More Research Needed for Cannabis Impairment Tests
Cannabis has been legalized in a majority of the US states already. Yet, there is considerable debate in various departments regarding the effects of cannabis consumption. One such grey area is impaired driving.
There have been a few studies on how cannabis-impaired driving is the root cause of increased accidents. However, the research remains inconclusive due to the following reasons:
- A very limited number of studies have been conducted in this area with results that have resulted in different conclusions.
- There is no concrete way of identifying the level of THC that causes impairment in the body, leaving a question mark on the findings of most studies.
This article highlights the grey areas in cannabis impairment tests and why a medical marijuana doctor in Boynton or any other part of the U.S. believes in the need for more data to define laws for cannabis-impaired driving.
The THC Tests Are Inaccurate
Driving under the influence of alcohol (DUI) has long been linked to motor accidents across the U.S. There are various Field Sobriety Tests (FSTs) used by law enforcement agencies to identify a driver’s level of intoxication and proceed with the relevant penalty. However, no accurate tests have been identified yet to determine the level of cannabis intoxication with a driver’s body.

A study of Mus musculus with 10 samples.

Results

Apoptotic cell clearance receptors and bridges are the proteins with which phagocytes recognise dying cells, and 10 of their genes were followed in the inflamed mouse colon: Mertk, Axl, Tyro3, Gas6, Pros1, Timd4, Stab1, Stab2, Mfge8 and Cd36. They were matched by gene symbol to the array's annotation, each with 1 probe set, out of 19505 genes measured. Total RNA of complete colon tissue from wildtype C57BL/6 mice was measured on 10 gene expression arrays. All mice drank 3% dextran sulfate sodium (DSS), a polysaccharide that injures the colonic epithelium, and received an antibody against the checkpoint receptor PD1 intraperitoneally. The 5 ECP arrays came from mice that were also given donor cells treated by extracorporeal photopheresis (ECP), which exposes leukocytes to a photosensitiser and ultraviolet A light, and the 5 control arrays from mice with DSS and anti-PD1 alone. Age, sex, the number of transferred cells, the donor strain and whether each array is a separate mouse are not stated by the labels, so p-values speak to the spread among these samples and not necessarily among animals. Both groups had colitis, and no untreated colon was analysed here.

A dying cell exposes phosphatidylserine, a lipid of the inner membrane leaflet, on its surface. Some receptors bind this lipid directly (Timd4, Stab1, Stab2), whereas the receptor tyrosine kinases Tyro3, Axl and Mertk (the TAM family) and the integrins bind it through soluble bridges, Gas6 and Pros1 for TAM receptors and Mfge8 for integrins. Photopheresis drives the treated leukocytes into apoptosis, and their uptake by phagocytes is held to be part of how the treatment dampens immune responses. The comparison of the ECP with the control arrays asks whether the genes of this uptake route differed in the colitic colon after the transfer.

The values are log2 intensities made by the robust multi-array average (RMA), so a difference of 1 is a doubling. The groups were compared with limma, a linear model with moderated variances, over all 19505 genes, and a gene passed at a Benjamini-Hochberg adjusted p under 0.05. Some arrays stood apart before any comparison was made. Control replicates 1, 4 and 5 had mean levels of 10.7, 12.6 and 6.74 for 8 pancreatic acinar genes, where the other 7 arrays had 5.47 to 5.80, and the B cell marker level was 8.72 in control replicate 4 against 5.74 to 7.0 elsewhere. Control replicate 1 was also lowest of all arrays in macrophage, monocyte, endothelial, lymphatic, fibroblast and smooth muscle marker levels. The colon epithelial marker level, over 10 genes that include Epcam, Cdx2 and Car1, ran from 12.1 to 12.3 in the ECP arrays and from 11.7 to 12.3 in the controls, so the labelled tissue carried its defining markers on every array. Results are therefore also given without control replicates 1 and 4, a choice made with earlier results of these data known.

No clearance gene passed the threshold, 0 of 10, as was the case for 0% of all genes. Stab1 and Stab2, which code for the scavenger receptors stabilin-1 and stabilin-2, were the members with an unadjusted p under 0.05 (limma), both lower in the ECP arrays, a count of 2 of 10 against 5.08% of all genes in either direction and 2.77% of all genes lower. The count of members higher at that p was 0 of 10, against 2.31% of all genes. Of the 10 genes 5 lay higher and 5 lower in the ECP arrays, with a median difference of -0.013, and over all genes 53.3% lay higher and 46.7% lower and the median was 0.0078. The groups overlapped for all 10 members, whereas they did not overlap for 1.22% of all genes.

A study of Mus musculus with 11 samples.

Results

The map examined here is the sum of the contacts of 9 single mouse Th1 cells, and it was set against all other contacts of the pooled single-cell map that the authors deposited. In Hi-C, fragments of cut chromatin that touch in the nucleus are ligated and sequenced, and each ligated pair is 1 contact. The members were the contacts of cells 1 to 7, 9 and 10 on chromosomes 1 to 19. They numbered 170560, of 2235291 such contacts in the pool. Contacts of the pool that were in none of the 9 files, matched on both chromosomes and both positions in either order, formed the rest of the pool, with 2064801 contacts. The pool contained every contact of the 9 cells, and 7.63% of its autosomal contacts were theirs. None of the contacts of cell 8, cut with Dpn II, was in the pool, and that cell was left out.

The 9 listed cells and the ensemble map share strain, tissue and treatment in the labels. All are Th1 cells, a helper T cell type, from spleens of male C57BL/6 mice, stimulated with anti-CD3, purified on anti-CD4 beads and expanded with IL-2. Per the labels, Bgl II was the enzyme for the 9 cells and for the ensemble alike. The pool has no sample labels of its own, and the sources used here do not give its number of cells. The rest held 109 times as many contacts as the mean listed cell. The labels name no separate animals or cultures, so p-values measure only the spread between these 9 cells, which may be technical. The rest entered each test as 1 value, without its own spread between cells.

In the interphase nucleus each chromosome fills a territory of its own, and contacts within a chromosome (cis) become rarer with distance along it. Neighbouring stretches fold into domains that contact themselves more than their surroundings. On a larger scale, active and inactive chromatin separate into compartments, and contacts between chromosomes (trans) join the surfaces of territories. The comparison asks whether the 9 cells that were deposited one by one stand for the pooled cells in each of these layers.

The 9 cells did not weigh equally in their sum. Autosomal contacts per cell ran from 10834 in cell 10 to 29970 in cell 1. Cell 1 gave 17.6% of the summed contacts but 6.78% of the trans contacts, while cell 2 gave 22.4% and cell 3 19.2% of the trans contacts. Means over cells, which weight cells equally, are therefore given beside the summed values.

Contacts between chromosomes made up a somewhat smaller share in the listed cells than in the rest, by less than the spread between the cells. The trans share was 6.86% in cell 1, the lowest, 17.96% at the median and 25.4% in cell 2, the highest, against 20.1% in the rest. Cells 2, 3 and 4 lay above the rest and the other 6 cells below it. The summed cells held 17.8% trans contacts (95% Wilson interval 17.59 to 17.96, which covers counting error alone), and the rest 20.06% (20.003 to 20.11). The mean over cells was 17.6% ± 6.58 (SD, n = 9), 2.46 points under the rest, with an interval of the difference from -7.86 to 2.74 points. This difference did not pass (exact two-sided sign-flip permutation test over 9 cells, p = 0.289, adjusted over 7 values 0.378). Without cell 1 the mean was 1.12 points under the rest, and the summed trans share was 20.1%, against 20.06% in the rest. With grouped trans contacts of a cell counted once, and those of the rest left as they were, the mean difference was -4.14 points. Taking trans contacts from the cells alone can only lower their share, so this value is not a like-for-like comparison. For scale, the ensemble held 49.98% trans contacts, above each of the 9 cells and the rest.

Studies confirm that chemical testing is inconclusive in the case of cannabis use due to the following reasons:
- There is no correlation between cannabis consumption and impairment levels of the driver.
- Cannabis users normally have high blood levels of THC even if they haven’t consumed cannabis recently.
The Studies Contradict Each Other
Research comprised of 303 drivers involved in fatal accidents found that only 10 of those 303 had considerable levels of THC in isolation in their bodies at the time of the accident.
Another study concluded that THC levels are hard to determine in the body, and are not linked with impairment.
The data from the two studies contradict each other, which means:
- There is no way of determining if the 10 drivers found with considerable THC levels in their blood consumed cannabis before driving or even the same day.
- Even if the drivers did consume cannabis before driving, it may not have impaired them.
There have been several similar studies where conclusions contradict each other, which is why experts consider this a grey area and believe that a lot more research is required to prepare a more conclusive argument.
THC Tolerance – There Is No Defined Line
One of the studies highlighted above sheds light on the fact that setting a standard for impairment levels is also among the many challenges in identifying and regulating cannabis impairment. According to the author of this study, Marilyn Huestis, different people have different ways of responding to THC.
While occasional users may be impaired by consuming a single microgram per liter, avid users of cannabis may require a little more to witness the potential psychoactive effects of cannabis.
Based on the various findings and contradictions among them, it is fair to state that cannabis impairment is still a grey area that requires considerable research. Once we have ample results with uniform findings, only then will we be able to determine if, and how, cannabis impairment impacts driving.